When most people think about robot locomotion, they either imagine thick rolling wheels or large stomping metal feet and legs. The University of California San Diego Bioinspired Robotics and Design Lab (UC San Diego for short) wants to change those preconceived notions with a new robot featuring pliable 3D printed legs.
Developing robots that can move over different terrains with little difficulty is a challenging ordeal. Most robots use either wheels or mechanical legs, and each has its own advantages and disadvantages. Wheeled robots are less likely to fall over than legged robots but can’t move over rough terrain without losing balance, while legged robots traverse uneven ground more easily but risk falling over every time they lift their legs (even on flat surfaces). UC San Diego’s new robot is essentially the best of both worlds, as it can’t really fall over even when moving over sand and rocks, all thanks to its soft actuator legs.
According to UC San Diego’s video, any commercial 3D printer can create these legs, which makes them easy to produce. Due to their pliable nature, the legs can conform to their surroundings and crawl through different kinds of terrain without the need for complex sensors or software. Furthermore, the legs form an “x” that gives the robot radial symmetry and lets it travel in any direction without turning. The robot still can turn when directed, but it doesn’t need to.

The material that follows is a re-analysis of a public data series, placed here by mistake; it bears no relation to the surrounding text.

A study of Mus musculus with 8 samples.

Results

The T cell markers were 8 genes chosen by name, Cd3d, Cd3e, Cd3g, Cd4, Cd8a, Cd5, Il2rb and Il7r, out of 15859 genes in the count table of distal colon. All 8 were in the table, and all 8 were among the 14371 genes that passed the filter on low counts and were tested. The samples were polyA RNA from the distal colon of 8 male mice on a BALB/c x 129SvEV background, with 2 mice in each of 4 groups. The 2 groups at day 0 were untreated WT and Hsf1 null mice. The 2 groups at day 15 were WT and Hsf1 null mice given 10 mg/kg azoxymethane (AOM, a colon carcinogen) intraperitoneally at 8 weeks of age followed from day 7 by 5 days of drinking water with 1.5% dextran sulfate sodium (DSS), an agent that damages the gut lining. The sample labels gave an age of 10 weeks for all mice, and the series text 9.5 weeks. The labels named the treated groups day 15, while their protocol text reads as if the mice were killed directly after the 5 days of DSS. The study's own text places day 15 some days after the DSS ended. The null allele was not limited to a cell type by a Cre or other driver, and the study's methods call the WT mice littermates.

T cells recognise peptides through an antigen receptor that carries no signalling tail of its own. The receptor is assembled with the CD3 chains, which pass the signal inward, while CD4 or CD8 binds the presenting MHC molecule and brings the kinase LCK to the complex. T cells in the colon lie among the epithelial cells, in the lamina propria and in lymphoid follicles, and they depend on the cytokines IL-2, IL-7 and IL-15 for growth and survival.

You might wonder how the robot legs move if they are essentially just flexible plastic tubes, and the answer is pressurized air. Depending on how air is pushed through the legs, they deform and move in a variety of ways, not unlike octopus arms (I checked; octopi don’t have tentacles, just extremely flexible, boneless arms). Since the robot legs are a combination of multiple hard surfaces and flexible tubing, the robot is capable of a multiple forms of movement, including twisting, crawling, and shuffling. The robot’s max speed is currently twenty millimeters per second — approximately 0.045 miles per hour — but that could easily change as technology improves.
The robot may only be a proof-of-concept, but it could easily represent the future of robot locomotion. These 3D printed legs don’t require complex sensors or programs to keep balance, and they grant the robot more directional freedom of movement than traditional robot wheels or legs. Furthermore, 3D printed legs are extremely inexpensive to produce and can be printed en masse in several hours. In the future, these legs could easily become the de facto means of robot locomotion, but that day is a long way off. Still, it’s nice to plan for the future, even if it’s currently out of reach.